Are DAOs the Future of Venture Capital in Blockchain? Hatu Sheikh Sees a Place for Them

All venture capital is not created equal, especially when it flows into newer areas of technology such as blockchain, DAO Maker co-founder and CSO Hatu Sheikh cautions. DAO Maker creates growth technologies and funding frameworks for startups, while simultaneously reducing risks for investors.

Sheikh said a truism startup founders often rely on to get through the rough patches is to never listen to criticism from people you would not accept advice from either. The people telling you it won’t work will always be there; if you are to move forward on your dream you will have to limit the advice you get.

VC funding is of course crucial for young businesses, Sheikh acknowledges. Citing a recent Crunchbase report, Sheikh said VC investment topped $634 billion and encompassed 30,000 deals in 2021 alone.  In the first nine months of 2021$21.4 billion flowed into cryptocurrency- and blockchain-related firms.

With that money comes input, ideally from people with vast experience in the sector the business aims to succeed in, Sheikh said. Because blockchain is relatively new, that level of experience is rare. That can lead to poor advice, which hurts more companies than poor management or planning, he said, while referring to an article on Rayol Hwang in Nasdaq.

“According to research from Crunchbase, the average startup cedes about half of its ownership to its VC,” Sheikh said. “VC oversight can be helpful in some industries. But in the newly-emergent blockchain sector, where business best practices are still under debate, market evolution is constant, and complex technological ideas are foundational to every business conversation, it can be downright counterproductive. Veteran investors who aren’t well-versed in blockchain technology may provide well-meaning advice — which, of course, the founder is obligated to take — only to see it backfire.”

Blockchain innovators need time to forge new ground and create a foundation. But they are often rushed, Sheikh said, by interests pressuring them to scale before they’re sustainable. That says conventional VC investors are not equipped to deliver the unique guidance required in this space; they lack technical, detailed knowledge of blockchain while others take a one-approach-fits-all approach to growing a company.

If blockchain entrepreneurs cannot always rely on VCs, where do they go? Their user communities, Sheikh said.

“Blockchain communities overflow with potential. Within such a group, a founder might find people with extensive technical knowledge, those with operational insights, marketing experts, or retail investors with funding dollars to spare. If blockchain entrepreneurs can leverage their communities in place of conventional VC investors, they can pursue business growth without fear of being undermined by a single profit-minded party.”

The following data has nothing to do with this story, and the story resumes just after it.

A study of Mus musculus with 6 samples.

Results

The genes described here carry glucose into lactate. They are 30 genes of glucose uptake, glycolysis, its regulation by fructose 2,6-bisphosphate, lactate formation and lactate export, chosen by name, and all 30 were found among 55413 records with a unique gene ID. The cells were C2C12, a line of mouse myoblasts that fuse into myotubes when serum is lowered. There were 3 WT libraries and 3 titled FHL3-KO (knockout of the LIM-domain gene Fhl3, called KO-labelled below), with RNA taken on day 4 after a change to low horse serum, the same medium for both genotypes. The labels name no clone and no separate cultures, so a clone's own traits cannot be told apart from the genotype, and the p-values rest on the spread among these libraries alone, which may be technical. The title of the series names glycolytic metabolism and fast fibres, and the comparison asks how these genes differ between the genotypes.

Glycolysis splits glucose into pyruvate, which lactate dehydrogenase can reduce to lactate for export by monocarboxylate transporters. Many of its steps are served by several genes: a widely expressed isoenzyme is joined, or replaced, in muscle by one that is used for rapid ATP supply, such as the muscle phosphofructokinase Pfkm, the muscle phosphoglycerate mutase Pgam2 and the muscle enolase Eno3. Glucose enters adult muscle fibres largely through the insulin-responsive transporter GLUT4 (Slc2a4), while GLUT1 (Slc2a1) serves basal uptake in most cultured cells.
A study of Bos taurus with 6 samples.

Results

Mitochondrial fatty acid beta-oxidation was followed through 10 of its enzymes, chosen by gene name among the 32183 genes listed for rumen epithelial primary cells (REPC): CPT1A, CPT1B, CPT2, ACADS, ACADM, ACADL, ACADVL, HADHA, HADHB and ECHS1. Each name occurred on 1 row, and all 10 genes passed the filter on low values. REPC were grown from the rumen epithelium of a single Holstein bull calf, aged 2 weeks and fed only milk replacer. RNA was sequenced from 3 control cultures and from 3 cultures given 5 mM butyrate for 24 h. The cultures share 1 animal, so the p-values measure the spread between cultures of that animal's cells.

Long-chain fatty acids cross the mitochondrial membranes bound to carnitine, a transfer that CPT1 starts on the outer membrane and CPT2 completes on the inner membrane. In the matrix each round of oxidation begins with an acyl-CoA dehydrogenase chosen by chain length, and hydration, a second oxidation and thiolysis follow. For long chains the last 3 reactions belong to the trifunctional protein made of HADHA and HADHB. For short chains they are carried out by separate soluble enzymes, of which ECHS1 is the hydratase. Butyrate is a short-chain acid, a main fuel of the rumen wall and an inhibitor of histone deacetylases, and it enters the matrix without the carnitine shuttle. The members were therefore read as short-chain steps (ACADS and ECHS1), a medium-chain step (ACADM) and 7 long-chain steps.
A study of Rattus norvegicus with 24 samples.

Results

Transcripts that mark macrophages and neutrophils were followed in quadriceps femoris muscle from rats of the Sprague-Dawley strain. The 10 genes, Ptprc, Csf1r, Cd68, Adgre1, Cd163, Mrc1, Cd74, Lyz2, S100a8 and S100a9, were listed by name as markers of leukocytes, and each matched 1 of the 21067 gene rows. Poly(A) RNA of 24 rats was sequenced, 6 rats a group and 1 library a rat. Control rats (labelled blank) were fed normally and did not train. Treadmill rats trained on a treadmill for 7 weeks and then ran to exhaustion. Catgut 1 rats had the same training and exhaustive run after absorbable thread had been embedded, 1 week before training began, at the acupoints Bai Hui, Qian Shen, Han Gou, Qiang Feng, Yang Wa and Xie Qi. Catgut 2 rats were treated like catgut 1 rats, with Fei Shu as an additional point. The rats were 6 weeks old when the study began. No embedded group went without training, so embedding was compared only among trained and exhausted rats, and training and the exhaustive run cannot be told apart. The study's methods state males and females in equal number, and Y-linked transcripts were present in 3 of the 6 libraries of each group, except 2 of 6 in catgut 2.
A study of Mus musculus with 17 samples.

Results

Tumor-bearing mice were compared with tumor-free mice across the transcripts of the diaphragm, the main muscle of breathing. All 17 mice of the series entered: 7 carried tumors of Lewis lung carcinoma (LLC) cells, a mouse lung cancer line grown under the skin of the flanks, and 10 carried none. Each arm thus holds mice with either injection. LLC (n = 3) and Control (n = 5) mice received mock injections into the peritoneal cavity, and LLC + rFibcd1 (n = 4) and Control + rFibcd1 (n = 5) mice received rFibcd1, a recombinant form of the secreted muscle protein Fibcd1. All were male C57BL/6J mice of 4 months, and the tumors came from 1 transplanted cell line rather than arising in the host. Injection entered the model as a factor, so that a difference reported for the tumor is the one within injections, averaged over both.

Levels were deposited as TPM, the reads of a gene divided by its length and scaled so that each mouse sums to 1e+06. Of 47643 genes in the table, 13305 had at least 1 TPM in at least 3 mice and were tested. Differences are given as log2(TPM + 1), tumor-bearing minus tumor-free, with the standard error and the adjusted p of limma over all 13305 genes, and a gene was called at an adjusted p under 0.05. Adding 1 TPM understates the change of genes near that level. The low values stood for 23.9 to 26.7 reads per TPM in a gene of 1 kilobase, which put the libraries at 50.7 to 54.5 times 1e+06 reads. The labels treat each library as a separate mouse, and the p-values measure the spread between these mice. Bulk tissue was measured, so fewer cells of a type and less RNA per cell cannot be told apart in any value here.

Sheikh said blockchain technology itself allows the community to provide input through their votes and knowledge, provided one can efficiently corral that feedback. Decentralized autonomous organizations (DAOs) are a method of doing this. Eschewing central leadership, they make democratic decisions that are subsequently enforced on a blockchain. Those members can vote on any aspect of a company’s operation.

So far, most of the discussion around DAOs has centered around fundraising, but they can also be a method of soliciting collective expertise, Sheikh said.

“This concept has a name: social mining. Through trustless staking, up-and-coming companies can incentivize their community members to contribute to projects and otherwise use their skills to grow the business. Given its basis on the blockchain, social mining is fully automated and does not require costly overhead to function.”

Social mining capabilities are not naturally baked into DAO structures, Sheikh cautioned. Startups considering their deployment need additional tools to vet, categorize, train, and utilize community members as skilled contributors, but the benefits of doing so are worth the effort.

“For years, skeptics wrote off decentralized startups as a faint hope of overeager enthusiasts, a dream unlikely to ever intersect with reality,” Sheikh concluded. “But today, we have incontrovertible evidence that such businesses can exist, even thrive, in the modern market.

“No longer will innovative entrepreneurs need to compromise their autonomy and decentralized philosophy for the sake of funding. DAOs resolve the blockchain sector’s VC woes — and stand to utterly reimagine the role communities play in business development.”